Swansea Metropolitan University and the University of Wales Trinity Saint David plan to keep their separate names under the proposals, but would unify under one organisational structure. They also hope to involve further education colleges from the area to establish a “regional educational group”.
Although the universities have been in talks for several months about the merger, their governing bodies this week approved the idea, which will now be subject to negotiations on the institution’s exact structure and constitution.
David Warner, vice-chancellor of Swansea Met, said the development “builds on the excellent track record both universities have of working together”.
He added: “It will be based on a partnership of equals and will free up greater resources for front-line delivery. It also meets the Welsh Assembly government’s priority for greater critical mass and radical structural change.”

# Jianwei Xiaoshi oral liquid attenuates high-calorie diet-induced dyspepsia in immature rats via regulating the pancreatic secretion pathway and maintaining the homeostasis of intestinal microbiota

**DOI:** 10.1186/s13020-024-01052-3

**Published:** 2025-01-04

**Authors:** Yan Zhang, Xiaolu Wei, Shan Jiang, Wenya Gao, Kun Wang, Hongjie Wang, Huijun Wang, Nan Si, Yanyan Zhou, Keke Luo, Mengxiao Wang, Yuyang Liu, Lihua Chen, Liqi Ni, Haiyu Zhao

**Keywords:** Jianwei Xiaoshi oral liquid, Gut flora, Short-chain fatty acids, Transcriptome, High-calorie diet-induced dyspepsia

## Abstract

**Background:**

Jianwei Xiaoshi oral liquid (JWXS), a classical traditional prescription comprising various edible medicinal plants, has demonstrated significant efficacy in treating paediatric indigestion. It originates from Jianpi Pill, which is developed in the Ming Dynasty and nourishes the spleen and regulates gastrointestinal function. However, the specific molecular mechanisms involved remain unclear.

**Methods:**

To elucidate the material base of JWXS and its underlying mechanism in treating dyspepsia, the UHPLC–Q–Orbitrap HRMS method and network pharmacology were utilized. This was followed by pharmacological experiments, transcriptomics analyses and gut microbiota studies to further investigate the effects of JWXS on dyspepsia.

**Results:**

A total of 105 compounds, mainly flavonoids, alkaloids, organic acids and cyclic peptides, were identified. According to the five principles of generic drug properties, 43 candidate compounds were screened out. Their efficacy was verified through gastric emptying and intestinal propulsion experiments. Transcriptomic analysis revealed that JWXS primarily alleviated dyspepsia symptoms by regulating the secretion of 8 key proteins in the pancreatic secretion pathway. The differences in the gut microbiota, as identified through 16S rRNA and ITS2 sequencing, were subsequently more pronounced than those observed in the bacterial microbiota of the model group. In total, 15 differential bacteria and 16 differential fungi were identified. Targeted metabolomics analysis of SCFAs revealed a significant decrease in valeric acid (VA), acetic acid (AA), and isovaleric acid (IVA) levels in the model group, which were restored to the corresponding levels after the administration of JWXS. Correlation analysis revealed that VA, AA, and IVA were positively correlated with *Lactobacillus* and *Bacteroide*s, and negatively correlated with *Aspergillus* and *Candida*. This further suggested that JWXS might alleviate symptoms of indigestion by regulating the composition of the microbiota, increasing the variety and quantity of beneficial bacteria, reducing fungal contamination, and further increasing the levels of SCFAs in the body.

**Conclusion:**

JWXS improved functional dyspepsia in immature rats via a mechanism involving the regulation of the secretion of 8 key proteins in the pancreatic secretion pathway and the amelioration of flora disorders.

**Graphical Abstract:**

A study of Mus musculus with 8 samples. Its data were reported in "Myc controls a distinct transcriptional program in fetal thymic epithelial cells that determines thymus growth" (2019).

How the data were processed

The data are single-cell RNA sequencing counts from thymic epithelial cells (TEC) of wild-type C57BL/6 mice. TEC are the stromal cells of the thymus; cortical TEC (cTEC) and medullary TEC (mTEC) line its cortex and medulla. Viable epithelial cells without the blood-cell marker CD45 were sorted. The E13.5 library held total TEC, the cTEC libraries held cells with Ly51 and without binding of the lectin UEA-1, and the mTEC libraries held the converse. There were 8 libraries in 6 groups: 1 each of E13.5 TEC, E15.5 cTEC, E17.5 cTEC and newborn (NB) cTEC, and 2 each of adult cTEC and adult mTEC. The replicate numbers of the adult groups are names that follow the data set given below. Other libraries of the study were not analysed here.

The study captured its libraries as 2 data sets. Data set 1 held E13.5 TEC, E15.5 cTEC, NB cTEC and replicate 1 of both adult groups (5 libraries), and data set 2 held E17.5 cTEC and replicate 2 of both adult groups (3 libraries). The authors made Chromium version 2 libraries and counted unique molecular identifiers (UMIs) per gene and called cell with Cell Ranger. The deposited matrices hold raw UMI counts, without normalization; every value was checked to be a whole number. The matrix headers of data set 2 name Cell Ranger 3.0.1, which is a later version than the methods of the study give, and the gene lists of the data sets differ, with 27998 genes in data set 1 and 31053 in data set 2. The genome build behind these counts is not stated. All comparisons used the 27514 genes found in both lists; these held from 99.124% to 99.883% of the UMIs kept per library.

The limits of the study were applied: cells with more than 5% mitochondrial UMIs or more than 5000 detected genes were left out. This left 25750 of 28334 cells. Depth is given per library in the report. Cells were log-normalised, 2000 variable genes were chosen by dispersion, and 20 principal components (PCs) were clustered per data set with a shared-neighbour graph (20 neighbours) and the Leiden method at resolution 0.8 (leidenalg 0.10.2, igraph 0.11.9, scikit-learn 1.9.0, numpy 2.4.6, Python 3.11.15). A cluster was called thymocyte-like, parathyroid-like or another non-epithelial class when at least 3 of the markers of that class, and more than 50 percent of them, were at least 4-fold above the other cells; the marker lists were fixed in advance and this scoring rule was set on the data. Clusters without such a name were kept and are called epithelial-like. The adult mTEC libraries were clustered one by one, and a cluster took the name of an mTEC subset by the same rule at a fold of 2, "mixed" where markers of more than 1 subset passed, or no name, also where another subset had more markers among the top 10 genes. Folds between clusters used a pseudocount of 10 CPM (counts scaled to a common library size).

Leighton Andrews, the education minister for Wales, has warned the sector that future funding might be dependent on institutions’ willingness to merge.
Mr Andrews, who recently announced that Welsh students will be shielded from tuition-fee rises, said earlier this month that Welsh universities had to “adapt or die”.
Medwin Hughes, vice-chancellor of Trinity Saint David, said: “This is a radical new model for the higher education sector in Wales and it leads the way by responding to the challenges set down for the sector by [Mr Andrews].”
Trinity Saint David was recently formed by the merger of the University of Wales, Lampeter and Trinity University College Carmarthen – Wales’ oldest higher education institutions.